Biopsies take a small sample of tissue from the breast for analysis. There are a number of methods depending on the growth: Fine needle biopsies are used on fluid filled lumps to drain the abscess. Core-Needle biopsies are a local anaesthetic procedure to take a sample of the breast tissue using a hollow needle. Surgical Biopsies are also local anaesthetic procedures, performed by a surgeon, and remove the lump through a series of small incisions. After a biopsy, the sample can be analysed for cancerous cells.
Lumpectomy (aka: tylectomy) is a common surgical procedure designed to remove a discrete lump, usually a benign tumor or breast cancer, from an affected man or woman's breast. As the tissue removed is generally quite limited and the procedure relatively non-invasive, compared to a mastectomy, a lumpectomy is considered a viable means of "breast conservation" or "breast preservation" surgery with all the attendant physical and emotional advantages of such an approach.
Breast reconstruction surgery is an option after a mastectomy to balance out the appearance of the breasts. Beyond external prosthetics, there are two options, artificial implants can be surgically inserted into the breast or tissue can be transplanted from one area of the patient to the breast. A surgeon's top priority is to ensure a good match and surgery can extend to cosmetic work on the affected breast.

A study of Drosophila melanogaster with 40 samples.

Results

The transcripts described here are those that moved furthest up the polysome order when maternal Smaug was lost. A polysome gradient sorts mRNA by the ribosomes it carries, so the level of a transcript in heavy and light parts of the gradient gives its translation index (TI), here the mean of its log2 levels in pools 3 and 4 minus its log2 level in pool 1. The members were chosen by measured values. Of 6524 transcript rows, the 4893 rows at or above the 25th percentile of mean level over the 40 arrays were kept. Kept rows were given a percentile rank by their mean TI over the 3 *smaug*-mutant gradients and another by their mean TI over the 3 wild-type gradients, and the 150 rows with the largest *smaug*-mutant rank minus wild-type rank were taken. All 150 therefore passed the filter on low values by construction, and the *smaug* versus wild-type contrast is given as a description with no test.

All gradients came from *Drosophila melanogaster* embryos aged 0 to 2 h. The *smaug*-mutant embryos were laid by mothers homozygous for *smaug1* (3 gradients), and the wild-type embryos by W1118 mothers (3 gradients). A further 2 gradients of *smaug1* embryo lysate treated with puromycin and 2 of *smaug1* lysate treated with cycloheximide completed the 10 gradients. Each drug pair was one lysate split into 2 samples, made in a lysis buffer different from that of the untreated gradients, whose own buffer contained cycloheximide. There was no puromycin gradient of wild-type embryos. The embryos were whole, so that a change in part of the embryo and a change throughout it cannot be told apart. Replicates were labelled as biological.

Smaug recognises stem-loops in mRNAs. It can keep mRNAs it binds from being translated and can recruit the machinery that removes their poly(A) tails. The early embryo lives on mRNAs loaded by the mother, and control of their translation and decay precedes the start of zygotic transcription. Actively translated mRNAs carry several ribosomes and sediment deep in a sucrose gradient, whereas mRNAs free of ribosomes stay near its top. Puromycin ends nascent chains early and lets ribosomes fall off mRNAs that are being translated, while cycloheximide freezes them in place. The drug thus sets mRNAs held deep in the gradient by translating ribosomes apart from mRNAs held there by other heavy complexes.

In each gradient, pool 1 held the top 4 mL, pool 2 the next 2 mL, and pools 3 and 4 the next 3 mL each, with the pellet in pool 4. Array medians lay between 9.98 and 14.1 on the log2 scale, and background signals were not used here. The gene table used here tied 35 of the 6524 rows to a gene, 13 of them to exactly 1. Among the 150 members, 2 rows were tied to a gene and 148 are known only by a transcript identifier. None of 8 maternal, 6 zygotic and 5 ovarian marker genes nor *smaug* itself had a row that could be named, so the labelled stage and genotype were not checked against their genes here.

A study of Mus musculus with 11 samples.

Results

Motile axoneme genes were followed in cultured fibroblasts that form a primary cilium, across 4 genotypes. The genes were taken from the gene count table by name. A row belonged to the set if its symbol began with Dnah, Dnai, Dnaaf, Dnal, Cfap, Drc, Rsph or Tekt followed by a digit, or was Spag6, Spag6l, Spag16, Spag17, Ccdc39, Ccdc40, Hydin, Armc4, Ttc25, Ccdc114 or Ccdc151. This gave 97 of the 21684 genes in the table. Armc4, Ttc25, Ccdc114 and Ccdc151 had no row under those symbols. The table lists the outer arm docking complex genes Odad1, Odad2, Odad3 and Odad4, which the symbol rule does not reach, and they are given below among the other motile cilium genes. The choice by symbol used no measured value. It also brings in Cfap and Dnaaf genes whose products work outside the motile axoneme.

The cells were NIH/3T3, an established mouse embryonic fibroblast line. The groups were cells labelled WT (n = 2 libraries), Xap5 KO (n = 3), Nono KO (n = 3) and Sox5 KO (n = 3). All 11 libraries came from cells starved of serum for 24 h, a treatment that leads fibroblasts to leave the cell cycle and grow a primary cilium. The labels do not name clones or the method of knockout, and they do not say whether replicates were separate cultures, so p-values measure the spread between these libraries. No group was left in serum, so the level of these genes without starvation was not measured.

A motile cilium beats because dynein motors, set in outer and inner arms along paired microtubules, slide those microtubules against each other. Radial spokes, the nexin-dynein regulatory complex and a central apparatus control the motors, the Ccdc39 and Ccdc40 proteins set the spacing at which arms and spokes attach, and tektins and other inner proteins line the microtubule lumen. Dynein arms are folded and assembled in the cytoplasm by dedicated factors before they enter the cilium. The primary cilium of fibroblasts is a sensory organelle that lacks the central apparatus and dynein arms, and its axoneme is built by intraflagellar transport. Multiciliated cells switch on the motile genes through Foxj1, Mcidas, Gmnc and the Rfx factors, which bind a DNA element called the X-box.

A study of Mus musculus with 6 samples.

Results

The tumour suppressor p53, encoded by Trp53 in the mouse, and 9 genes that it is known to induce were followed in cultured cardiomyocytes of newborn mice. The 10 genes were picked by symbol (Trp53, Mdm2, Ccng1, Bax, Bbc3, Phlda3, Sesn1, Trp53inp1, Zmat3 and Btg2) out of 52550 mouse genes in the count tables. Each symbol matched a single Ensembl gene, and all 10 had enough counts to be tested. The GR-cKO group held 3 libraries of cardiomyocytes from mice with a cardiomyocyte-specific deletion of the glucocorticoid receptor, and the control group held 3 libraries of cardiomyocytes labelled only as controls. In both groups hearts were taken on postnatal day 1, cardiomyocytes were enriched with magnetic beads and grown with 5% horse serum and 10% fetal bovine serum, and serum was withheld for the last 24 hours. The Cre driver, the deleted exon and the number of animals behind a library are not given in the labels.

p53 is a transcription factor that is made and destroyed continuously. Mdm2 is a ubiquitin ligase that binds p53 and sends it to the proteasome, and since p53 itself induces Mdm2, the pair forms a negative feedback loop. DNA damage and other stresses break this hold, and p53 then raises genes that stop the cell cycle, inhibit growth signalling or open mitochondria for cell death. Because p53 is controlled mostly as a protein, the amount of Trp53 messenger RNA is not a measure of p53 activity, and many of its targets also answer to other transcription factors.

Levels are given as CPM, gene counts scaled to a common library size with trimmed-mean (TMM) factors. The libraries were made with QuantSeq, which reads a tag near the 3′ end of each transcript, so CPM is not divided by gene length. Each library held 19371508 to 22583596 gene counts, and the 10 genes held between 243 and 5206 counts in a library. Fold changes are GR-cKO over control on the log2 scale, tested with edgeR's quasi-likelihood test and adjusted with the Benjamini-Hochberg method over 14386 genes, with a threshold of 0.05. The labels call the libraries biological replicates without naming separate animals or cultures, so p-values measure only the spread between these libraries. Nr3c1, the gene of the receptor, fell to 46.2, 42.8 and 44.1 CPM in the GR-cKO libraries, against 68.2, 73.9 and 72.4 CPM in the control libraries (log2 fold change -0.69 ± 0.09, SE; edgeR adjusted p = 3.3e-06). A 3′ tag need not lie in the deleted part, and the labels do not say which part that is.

The aim is to treat any malignant disease in the breast. It is done by removing the breast. You will usually end up with a fine scar running across the chest wall. The breast and nipple can always be rebuilt, usually at a later date.The second aim is to find out whether there are malignant cells in the rest of the body. If so, then treatment with hormones or chemotherapy would be of help. Simply taking out the diseased part from the breast and using x-ray treatment for the rest of the breast is an alternative.
A breast biopsy is a procedure in which part or all of a suspicious breast growth is removed and examined, usually for the presence of cancer. The growth sample is suctioned out through a needle or cut out using a surgical procedure. The sample is then examined and evaluated under a microscope by a pathologist to identify non-cancerous (benign) or cancerous (malignant) tissue. Words used to refer to the abnormal area or growth before and after diagnosis may include lump, mass, lesion, and tumor. The basic aim of a breast biopsy is to determine whether or not a worrisome lump is cancer.